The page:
Embedding security into our employees’ DNA | Deloitte UK has been saved
Organisations often have fragmented and compliance focused training activities, which have a limited impact on changing staff behaviours. Research by the Centre for the Protection of National Infrastructure (CPNI) suggests that multiple interrelated factors need to be considered when attempting to change an organisation’s security culture.
At Deloitte, we follow a set of key principles which ensure organisations have comprehensive and practical solutions to embed security behaviours that create a sustainable environment for improved security culture.
Language is everything
Before embarking on a change programme, it is critical an organisation is clear on how to communicate the desired security behaviours and outcomes to target audiences. Segmentation exercises, based on differing responsibilities and threat profiles, help us develop bespoke language for a variety of audiences, to better initiate and influence behavioural change within an organisation. Ultimately, the more people understand the vision and buy into it, the more successful the change programme will be.
Make your audience feel valued
The audience needs to understand the threats affecting their organisation and the role they themselves play in protecting its assets. Employees, who are aware and committed, will naturally adopt responsibility for security. It is important the audience does not leave with the “it is security’s job, not mine” attitude.
Our brains like stories, especially if they can be linked to our personal lives
People like to relate and become invested in characters and a plot. If used correctly, storytelling is a powerful technique to drive behavioural change. An audience will reflect the emotions of the characters and ultimately mimic some of the desired behaviours. Story telling is therefore a good technique to help embed sustained behavioural change, not just at home but in the workplace too.
Head, heart, eyes and hands: a pattern for behavioural change
When designing a security awareness programme we try to make employees aware of good security practices (eyes), help relate this to their day-to-day activities (head), get them committed to change (heart), and then help them repeatedly apply this to their role (hands). Finally, we tie stories to personal lives as well as corporate, helping the audience clearly understand the risks at stake. We have found that security habits developed outside of the office will follow staff into the workplace. Ultimately, the head decides on our behaviours but the heart commits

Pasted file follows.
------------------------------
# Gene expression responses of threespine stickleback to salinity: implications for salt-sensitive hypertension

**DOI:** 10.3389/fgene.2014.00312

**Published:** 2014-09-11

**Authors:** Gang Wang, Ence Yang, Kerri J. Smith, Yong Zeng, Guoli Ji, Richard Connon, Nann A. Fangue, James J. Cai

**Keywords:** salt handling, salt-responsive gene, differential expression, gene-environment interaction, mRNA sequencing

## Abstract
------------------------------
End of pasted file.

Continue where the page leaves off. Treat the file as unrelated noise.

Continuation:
Specific examples of incidents affecting your own organisation will help bring the audience closer to the real impact those events had and how people behaved at the time. Personal stories help employees commit key messages to the ‘heart’.
Not all people learn in the same way
We realise that every organisation and every audience is different when it comes to learning. We believe that a human-centred approach to security, using high impact interventions, can accelerate positive security culture change.
What does your organisation do to develop and embed sustained behavioural change? Please contact us, if you’d like to discuss more.
Agnieszka leads our Corporate Security Team within Risk Advisory. She has over 10 years of experience delivering projects in security risk management, helping clients evaluate the maturity of their security functions, design and implement security strategies, develop security risk management frameworks and enhance organisations’ overall security culture. Agnieszka has led and delivered several corporate security projects for organisations across a range of industries, including Financial Services, Technology and Media, Retail, Critical National Infrastructure (CNI) and the Public Sector. She helps companies prepare for and respond to known and unforeseen disruptive risk events.
Will works within the Cyber Risk Services team and has five year's experience as an Information Security Consultant. He has a Masters from Royal Holloway in Information Security, a course which is certified by GCHQ. Will has experience in corporate security and specialises in culture, training and awareness. Before joining Deloitte this year, he developed and ran the security training and awareness programme for a FTSE 100 company for four years. Will has a passion for changing staff behaviours by embedding security sustainably and creating a living, breathing culture of security.